All actors have an age range that they can realistically play within without anyone batting an eyelid; a good example being Sean William Scott, who’ll probably still be playing a teenager well past his death and cremation. Thanks to advancements in make-up and computer generated imagery, actors can now play well over and under their normal playing range but what happens when the results just don’t work?
Here’s five movies where my suspension of disbelief vanished.
Having watched the film that inspired this post earlier this week I was totally blow away by just plain bad Arnie Hammer looked as an aged Clyde Tolson; he looked like a testicle that had been in the bath too long.
Whilst it would have been a no-brainer to age Leo to play both the young and old head of the FBI, didn’t it occur to anyone to hire an older actor to play pensioner Tolson? True, Arnie Hammer is in the ascendancy at the minute but instead of covering his head in rubber why not give Peter O’ Toole a call?
The motion picture adaptation of Watchmen was always going to come under a lot of scrutiny, regardless of who was involved creatively, but one of my major criticisms, much like that of J. Edgar, is the use of the same actors for characters who age more than 40 years during the film’s runtime. In the graphic novel The Comedian was in his late teens when he took up masked adventuring but they had to make him older to fit Jeffrey Dean Morgan, who certainly doesn’t look to be in his early twenties and, despite a bit of grey hair and stubble, definitely does not look like a 60+ year old man. I’ll move on from Watchmen with two words. Carla Gugino.
Harry Potter & The Deathly Hallows Part II
19 Years Later. Words most fans of the series where anticipating and dreading in equal measure. During the production of Harry Potter & The Deathly Hallows there was a lot of talk about whether the filmmakers would use the same technology used to make Brad Pitt look 80 years old in The Curious Case of Benjamin Button or whether they’d use traditional make-up techniques. Or not film the scene at all. Well, the scene was shot and … the characters didn’t look any different.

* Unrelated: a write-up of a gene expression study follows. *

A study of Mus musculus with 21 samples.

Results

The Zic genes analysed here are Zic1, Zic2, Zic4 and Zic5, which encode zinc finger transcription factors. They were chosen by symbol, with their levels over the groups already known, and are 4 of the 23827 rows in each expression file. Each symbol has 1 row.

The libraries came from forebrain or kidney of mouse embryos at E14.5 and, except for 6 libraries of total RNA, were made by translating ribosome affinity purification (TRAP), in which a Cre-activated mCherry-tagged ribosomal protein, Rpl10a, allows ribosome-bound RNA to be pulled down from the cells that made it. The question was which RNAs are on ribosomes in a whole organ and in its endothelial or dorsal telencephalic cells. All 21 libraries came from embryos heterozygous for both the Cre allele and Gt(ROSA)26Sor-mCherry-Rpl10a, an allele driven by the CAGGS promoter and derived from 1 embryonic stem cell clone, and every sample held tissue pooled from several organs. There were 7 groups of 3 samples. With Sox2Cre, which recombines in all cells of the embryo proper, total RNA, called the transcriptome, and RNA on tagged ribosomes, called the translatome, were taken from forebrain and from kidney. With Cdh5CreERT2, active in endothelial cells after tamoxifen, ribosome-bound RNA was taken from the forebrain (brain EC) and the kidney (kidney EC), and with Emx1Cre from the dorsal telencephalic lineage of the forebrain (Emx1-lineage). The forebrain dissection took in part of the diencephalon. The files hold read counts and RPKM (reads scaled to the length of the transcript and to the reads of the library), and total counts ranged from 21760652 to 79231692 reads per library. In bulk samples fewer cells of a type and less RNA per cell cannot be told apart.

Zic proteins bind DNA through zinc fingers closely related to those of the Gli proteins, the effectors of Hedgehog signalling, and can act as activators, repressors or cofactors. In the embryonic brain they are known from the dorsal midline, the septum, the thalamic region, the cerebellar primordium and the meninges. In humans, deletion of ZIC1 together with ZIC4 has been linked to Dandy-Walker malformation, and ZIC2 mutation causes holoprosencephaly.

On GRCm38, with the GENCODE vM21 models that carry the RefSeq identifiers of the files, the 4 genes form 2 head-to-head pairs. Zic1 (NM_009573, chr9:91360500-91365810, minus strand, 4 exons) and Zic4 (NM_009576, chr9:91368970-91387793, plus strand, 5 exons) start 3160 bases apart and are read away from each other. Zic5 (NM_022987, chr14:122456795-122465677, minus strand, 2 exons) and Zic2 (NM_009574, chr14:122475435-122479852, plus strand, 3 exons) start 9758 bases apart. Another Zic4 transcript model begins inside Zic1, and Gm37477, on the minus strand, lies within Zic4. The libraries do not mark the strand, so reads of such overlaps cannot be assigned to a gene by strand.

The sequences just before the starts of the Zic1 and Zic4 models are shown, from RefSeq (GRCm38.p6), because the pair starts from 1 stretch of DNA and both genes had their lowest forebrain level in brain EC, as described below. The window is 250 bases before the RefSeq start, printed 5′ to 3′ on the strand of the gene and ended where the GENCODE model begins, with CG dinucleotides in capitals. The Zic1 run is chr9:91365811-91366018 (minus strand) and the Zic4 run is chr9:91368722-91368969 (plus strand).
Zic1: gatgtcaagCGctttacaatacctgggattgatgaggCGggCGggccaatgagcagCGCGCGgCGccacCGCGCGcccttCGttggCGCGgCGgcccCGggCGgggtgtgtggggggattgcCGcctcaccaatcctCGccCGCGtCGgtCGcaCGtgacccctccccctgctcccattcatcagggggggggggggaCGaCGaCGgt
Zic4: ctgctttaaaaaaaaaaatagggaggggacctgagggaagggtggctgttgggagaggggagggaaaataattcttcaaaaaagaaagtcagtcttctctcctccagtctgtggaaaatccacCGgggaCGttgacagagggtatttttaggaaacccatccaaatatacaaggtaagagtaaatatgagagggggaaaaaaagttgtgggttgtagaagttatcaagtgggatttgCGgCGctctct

If you’re making a sequel to a movie that’s nearly 30 years old but you need show the original lead at his current age, in flashback and sharing screen time with a younger version of himself you’re gonna be in one dilly of a pickle. Unless you’re Disney. Faced with the Herculean task of asking Jeff Bridges to shave, have his hair cut and coloured and have some concealer applied, Disney instead opted to have a CGI version of Bridges created to play both the young Kevin Flynn and CLU and this was the result.
If that was in-game graphics on the PS3 I’d be impressed but blown up forty feet and in 3D it looks an absolute mess. You’d think they’d try and cover it up with dim lighting and shorter shots but someone at Disney seemed pretty damn proud of themselves.
In a film about immortals decapitating each other to win a millennia long game and gain the collective knowledge of the world and become one with all things, the question we’re all really asking is this … at what point do they stop physically ageing? Christopher Lambert’s Connor McLeod is 468 years young in Highlander and aside from following fashions has looked more or less the same since 1536.
Doing even better is Juan Sánchez Villa-Lobos Ramírez, played by Sean Connery, who doesn’t look bad for a 2437 year old. He somehow manages to look even better when he’s resurrected 480 years later in Highlander II: The Quickening.
But we’ll ignore Highlander II because it’s shite.